One of the main advantages of an Employee Stock Ownership Plan (ESOP) is its ability to link an important retirement benefit for your employees to overall company performance. At the end of their tenure with your company, vested employees will get an ESOP distribution – the size of which depends on the overall value of the company and the amount of ESOP shares a given employee holds. In effect, this meaningful wealth-building tool for loyal employees not only helps your company attract and retain talent, it also aligns your employees’ long-term financial goals with your company’s financial performance.
In this article, we’ll answer some of the most common – and important – questions about how ESOP distributions work, when they pay out, what the tax treatment is, and more.
What is an ESOP Distribution?
An ESOP is a federally regulated retirement plan under The Employment Retirement Income Security Act of 1974, commonly known as ERISA. Essentially, an ESOP provides each employee with their own ESOP retirement account which, in most cases, the employee does not contribute to directly.
Instead, the company makes contributions to the ESOP benefit plan on the employee’s behalf, and the value is determined by the number of shares allocated to the employee, the valuation of the shares, and whether they are fully vested or not. Companies use either a cliff vesting or graded vesting schedule to determine this.
When are ESOP Distributions made?
After an employee meets the minimum threshold for vesting, they will receive their ESOP distribution when they terminate their employment with their employer. Employees who leave before becoming vested will forfeit any non-vested benefits, which are then typically reallocated to remaining ESOP participants.
Typically, when an ESOP participant’s employment is terminated due to retirement, disability, or death, the ESOP begins distributing the vested benefits during the plan year following the year of the event.
If an employee terminates or is terminated, they receive disbursements following the 5th break in service which could be 5 years or 6 years following termination. However, there may be other restrictions, such as waiting until the internal note is completely repaid. There also may be an earlier distribution date if the plan specifies that they can receive it no later than the earlier of a) 10 years of participation in the plan (active & inactive), b) reaching normal retirement age, or c) termination. If the terminated participant is at least age 72, they must take a minimum distribution that is taxable. If the ESOP plan balance is more than the cash-out option, they may opt to defer until retirement age.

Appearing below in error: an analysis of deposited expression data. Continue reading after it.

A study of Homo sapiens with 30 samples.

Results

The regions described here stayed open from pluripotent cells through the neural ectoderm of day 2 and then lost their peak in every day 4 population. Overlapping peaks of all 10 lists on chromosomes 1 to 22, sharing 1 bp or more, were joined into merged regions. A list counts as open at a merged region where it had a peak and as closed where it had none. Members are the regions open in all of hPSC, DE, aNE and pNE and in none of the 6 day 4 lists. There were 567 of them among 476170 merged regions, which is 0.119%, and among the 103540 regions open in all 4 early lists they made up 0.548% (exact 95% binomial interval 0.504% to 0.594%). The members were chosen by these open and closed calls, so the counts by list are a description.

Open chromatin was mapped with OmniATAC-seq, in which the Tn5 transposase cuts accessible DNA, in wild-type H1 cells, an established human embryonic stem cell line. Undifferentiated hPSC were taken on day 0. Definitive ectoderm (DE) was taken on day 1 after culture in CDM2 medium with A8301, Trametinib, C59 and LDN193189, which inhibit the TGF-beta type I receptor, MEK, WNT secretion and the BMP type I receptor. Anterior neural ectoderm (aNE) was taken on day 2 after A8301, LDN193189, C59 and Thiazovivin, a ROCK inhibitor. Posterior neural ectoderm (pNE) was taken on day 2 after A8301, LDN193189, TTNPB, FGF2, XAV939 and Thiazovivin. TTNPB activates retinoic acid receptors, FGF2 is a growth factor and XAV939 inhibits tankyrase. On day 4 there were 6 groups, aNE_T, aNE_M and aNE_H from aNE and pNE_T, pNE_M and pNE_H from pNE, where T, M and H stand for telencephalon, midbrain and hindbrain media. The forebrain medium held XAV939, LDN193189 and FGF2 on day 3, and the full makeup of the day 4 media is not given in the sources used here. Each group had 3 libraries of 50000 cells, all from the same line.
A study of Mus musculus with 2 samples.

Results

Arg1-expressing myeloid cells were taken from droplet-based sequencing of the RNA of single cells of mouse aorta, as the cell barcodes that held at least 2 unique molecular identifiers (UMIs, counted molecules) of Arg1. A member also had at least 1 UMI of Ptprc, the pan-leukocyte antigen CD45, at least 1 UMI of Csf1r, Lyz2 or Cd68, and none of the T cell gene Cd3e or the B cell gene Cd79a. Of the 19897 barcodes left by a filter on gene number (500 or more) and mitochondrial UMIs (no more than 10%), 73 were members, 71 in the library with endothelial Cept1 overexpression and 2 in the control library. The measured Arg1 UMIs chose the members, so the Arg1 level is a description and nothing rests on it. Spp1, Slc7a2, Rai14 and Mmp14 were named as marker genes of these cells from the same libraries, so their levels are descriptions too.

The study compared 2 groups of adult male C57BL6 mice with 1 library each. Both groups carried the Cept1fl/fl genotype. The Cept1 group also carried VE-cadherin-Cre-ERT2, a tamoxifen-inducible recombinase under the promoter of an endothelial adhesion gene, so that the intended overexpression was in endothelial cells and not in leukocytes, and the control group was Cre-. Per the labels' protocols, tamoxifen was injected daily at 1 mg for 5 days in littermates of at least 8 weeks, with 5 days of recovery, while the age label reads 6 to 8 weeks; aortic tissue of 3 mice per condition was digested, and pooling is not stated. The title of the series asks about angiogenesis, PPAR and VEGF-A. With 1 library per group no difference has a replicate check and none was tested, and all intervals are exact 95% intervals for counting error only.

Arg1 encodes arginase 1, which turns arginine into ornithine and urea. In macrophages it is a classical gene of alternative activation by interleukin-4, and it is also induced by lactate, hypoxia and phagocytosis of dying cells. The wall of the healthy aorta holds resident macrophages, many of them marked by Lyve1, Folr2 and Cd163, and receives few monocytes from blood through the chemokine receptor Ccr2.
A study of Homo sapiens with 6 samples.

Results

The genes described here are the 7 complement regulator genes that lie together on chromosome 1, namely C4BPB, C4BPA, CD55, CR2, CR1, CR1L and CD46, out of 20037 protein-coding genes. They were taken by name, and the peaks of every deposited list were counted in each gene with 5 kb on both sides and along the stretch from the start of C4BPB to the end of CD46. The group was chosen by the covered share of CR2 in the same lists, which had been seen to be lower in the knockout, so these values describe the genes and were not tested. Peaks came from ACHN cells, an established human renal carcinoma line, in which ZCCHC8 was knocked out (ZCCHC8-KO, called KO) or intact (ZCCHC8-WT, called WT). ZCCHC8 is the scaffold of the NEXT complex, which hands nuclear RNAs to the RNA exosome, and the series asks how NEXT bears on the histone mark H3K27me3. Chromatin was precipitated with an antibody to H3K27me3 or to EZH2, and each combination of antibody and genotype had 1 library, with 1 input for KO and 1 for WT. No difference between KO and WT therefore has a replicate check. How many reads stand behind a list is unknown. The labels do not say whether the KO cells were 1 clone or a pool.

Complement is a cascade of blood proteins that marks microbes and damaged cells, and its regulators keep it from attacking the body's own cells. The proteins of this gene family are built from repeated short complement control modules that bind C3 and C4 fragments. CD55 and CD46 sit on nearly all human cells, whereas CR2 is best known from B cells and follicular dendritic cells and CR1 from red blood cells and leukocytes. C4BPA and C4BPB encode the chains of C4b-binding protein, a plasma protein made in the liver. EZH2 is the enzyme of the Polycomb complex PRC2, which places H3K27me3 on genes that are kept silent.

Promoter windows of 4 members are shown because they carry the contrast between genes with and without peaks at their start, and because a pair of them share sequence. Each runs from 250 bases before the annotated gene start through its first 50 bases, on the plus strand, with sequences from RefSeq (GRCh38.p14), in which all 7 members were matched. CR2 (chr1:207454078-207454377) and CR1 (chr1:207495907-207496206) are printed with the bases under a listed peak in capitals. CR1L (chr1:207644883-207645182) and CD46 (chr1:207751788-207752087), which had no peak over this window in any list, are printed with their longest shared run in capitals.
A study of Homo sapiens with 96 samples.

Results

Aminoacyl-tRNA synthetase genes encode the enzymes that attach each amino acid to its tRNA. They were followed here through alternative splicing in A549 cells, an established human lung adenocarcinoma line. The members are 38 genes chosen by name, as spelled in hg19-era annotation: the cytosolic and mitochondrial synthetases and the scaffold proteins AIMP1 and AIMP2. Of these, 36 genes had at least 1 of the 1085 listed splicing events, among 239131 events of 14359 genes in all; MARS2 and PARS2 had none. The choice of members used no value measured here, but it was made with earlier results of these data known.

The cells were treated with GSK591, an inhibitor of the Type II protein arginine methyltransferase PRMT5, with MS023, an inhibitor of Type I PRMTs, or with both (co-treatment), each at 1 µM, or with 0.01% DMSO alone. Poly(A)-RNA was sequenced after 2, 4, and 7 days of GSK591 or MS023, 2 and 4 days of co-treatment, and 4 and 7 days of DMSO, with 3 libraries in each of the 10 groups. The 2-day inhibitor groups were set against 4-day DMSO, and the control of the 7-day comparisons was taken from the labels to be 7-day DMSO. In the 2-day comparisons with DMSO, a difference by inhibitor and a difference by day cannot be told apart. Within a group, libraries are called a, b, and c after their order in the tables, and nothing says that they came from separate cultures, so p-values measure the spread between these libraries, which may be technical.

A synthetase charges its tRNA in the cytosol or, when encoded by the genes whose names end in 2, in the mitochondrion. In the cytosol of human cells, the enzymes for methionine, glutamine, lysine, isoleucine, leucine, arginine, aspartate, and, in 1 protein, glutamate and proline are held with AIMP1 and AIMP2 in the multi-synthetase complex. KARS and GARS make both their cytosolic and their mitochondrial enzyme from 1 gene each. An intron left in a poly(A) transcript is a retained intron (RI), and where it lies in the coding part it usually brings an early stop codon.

Ultimately, the ESOP plan document will specify the timeline of benefits after termination of employment.
How are ESOP Distributions paid to employees?
ESOP Distributions are made in cash, stock shares, or a combination of both. Usually, they are done in lump sums, or in installments not more than five years, unless the balance exceeds the IRS payout limit which then allows additional years with an increment.
With the cash option, the shares may be repurchased or retired by the ESOP with the employee receiving a cash payment based on their number of shares and the value of the shares as determined by an annual valuation.
If the employee receives the stock options, the company distributes the shares directly to the exiting employee who then has 60 days to sell the shares back at fair market value, or can choose to wait a year before selling if they feel that the stock value will rise.
How are ESOP Distributions Taxed?
Once the ESOP funds are distributed, the former employee is taxed at ordinary income tax levels on the value of the company’s contributions. If the participant elects to take the distribution as a cash distribution it will be reported on a 1099-R. Then there is an additional capital gains tax on the appreciation of value after selling the shares if taken as a stock distribution, and the participant will be issued a 1099 from the company.
Like regular retirement plans, distributions before age 59-½ are subject to a 10% penalty tax. Employees can avoid the tax penalties by rolling over their distributions into a traditional IRA or another qualified retirement plan. The later withdrawals are taxed as ordinary income. An employee who rolls over an ESOP distribution to a Roth IRA would pay tax at distribution, and then avoid taxes on it later. Cash distributions have an immediate 20% federal withholding
Can ESOP Distributions occur before termination?
Distributions may also be allowed while the participant is still employed. These diversification payments are allowed once the participant meets the requirements of a Qualified Participant, determined by IRS Code 401(a)(28). Diversification distributions are usually a cash or stock distribution (a taxable event) or a distribution to another qualified plan, often a company 401(k) plan.
If the participant has reached the age of 72, is still working, and owns more than 5% of the company they must start to receive distributions no later than April 1 of that calendar year. If the participant owns less than 5% of the company, they can defer the required minimum distribution.
Employees who are 55 or older with 10 or more years of ESOP participation will have the option to diversify up to 25% during the 1st five years and up to 50%, cumulatively, in the 6th year.
An ESOP retirement plan is an important mechanism that helps drive company performance, rewards employee contributions, and provides owners and founders with an alternative exit strategy that ensures business continuity. For more information, contact us today for a free ESOP consultation to see if an ESOP is right for your company.